Do you have a large number of virtualized workloads in your cluster? Have you been looking for a solution that allows you to detect if any of the virtualized workloads in your cluster are behaving abnormally? Would you like the cluster service to take recovery actions when these workloads are in an unhealthy state? In Windows Server 2012, there is a great new feature, in Failover Clustering called “VM Monitoring”, which does exactly that – it allows you monitor the health state of applications that are running within a virtual machine and then reports that to the host level so that it can take recovery actions. You can monitor any Windows service (such as SQL or IIS) in your virtual machine or ANY ETW event occurring in your virtual machine. When the condition you are monitoring gets triggered, the Cluster Service logs an event in the error channel on the host and takes recovery actions.
In this blog, I will provide a step by step guide of how you can configure VM Monitoring using the Failover Cluster Manager in Windows Server 2012 or later.
Note: There are multiple ways to configure VM Monitoring. In this blog, I will cover the most common method. In a future blog, I will cover the many different flexible options for configuring VM Monitoring.
Before you can configure monitoring from the Failover Cluster Manager on a Management Console the following pre-steps are required:
c) Click on “ change settings ” and enable the “ Virtual Machine Monitoring ” rule.
Note: You can also enable the “Virtual Machine Monitoring” firewall rule using the Windows PowerShell® cmdlet Set-NetFirewallRule :
Set-NetFirewallRule -DisplayGroup "Virtual Machine Monitoring" -Enabled True
VM Monitoring can be easily configured using the Failover Cluster Manager through the following steps:
3) You will then see a list of services that can be configured for monitoring using the Failover Cluster Manager.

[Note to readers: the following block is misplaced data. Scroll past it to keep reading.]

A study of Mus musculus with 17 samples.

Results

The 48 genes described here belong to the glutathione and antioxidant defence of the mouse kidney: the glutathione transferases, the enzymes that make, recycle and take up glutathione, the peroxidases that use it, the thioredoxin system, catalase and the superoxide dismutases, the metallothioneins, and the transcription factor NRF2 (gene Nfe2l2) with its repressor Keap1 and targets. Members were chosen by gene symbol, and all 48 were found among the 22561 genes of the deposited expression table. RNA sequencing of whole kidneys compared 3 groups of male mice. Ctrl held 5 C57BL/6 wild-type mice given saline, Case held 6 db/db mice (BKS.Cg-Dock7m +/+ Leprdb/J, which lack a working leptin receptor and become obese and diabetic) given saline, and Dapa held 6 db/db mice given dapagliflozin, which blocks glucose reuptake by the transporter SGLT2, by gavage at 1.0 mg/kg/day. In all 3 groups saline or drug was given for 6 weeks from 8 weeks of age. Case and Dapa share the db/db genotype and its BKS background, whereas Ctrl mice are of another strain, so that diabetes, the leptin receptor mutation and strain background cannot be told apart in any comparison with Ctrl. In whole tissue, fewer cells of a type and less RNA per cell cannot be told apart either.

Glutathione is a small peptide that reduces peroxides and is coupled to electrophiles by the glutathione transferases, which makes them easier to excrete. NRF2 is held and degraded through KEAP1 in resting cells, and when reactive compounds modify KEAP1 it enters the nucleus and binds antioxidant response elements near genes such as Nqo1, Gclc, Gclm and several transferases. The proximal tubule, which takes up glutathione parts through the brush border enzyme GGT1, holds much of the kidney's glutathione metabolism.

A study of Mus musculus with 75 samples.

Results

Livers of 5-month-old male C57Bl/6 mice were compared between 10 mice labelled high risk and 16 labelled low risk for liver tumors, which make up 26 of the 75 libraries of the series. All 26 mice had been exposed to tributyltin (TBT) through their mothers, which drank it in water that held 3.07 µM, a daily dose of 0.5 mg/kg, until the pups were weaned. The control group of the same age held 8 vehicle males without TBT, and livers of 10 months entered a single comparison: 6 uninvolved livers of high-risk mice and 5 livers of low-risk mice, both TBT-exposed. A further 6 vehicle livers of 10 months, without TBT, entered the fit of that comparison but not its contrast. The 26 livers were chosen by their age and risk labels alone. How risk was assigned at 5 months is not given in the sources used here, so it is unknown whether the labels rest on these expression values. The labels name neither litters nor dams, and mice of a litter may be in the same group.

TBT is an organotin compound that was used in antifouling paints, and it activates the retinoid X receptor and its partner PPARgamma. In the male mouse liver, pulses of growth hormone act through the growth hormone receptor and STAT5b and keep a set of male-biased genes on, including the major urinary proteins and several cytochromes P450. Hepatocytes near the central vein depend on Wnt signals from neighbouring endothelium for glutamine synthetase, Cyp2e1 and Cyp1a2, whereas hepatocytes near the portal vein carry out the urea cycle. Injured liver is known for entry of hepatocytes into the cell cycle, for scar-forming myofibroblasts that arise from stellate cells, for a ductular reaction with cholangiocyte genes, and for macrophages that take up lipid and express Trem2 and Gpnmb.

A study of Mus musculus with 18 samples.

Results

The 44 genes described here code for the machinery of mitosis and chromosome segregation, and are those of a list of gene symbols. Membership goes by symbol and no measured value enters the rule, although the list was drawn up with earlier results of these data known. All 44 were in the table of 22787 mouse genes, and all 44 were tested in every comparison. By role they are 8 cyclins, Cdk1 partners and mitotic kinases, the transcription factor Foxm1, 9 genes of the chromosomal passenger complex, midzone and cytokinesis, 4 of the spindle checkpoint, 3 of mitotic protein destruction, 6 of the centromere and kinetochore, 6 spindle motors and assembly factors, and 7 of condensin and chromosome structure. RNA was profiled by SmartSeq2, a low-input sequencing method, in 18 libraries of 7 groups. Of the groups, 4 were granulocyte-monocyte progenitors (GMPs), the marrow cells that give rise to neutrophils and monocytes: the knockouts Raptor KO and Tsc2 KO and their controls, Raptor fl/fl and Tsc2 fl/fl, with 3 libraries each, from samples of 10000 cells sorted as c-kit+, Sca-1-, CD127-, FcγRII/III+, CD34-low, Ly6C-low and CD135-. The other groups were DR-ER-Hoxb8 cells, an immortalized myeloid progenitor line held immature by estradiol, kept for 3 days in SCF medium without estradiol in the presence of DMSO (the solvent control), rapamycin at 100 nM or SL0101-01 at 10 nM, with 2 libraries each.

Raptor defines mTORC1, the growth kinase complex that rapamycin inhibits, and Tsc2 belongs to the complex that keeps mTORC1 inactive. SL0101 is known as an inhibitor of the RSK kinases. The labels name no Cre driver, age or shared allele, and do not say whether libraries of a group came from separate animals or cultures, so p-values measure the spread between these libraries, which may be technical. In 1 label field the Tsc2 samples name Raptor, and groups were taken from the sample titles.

You will only see services listed that run on their own process e.g. SQL, Exchange. The IIS and Print Spooler services are exempt from this rule. You can however setup monitoring for any NT service using Windows PowerShell® using the Add-ClusterVMMonitoredItem cmdlet – with no restrictions:
Add-ClusterVMMonitoredItem –VirtualMachine TestVM -Service spooler
When a monitored service encounters an unexpected failure, the sequence of recovery actions is determined by the Recovery actions on failure for the service. These recovery actions can be viewed and configured using Service Control Manager inside the guest. In the example below, on the first and second service failures, the service control manager will restart the service. On the third failure, the service control manager will take no action and defer recovery actions to the cluster service running in the host.
The cluster service monitors the status of clustered virtual machines through periodic health checks. When the cluster services determines that a virtual machine is in a “critical” state i.e. an application or service inside the virtual machine is in an unhealthy state, the cluster service takes the following recovery actions:
1) Event ID 1250 is logged on the host
a. This event can be monitored with tools such as System Center Operations Manager to trigger further customized actions
2) The virtual machine status in Failover Cluster Manager will indicate that the virtual machine is in an “Application Critical” state.
Get-ClusterResource “TestVM” | fl StatusInformation
3) Recovery action is taken on the virtual machine in “Application Critical” state
a. The virtual machine is first restarted on the same node
Note: The restart of the virtual machine is forced but graceful
b. On the second failure, the virtual machine restarted and failed over to another node in the cluster.
Note: The decision on whether to failover or restart on the same node is configurable and determined by the failover properties for the virtual machine.
That’s the VM Monitoring feature in a nutshell!
Senior Program Manager
Clustering & High Availability
You must be a registered user to add a comment. If you've already registered, sign in. Otherwise, register and sign in.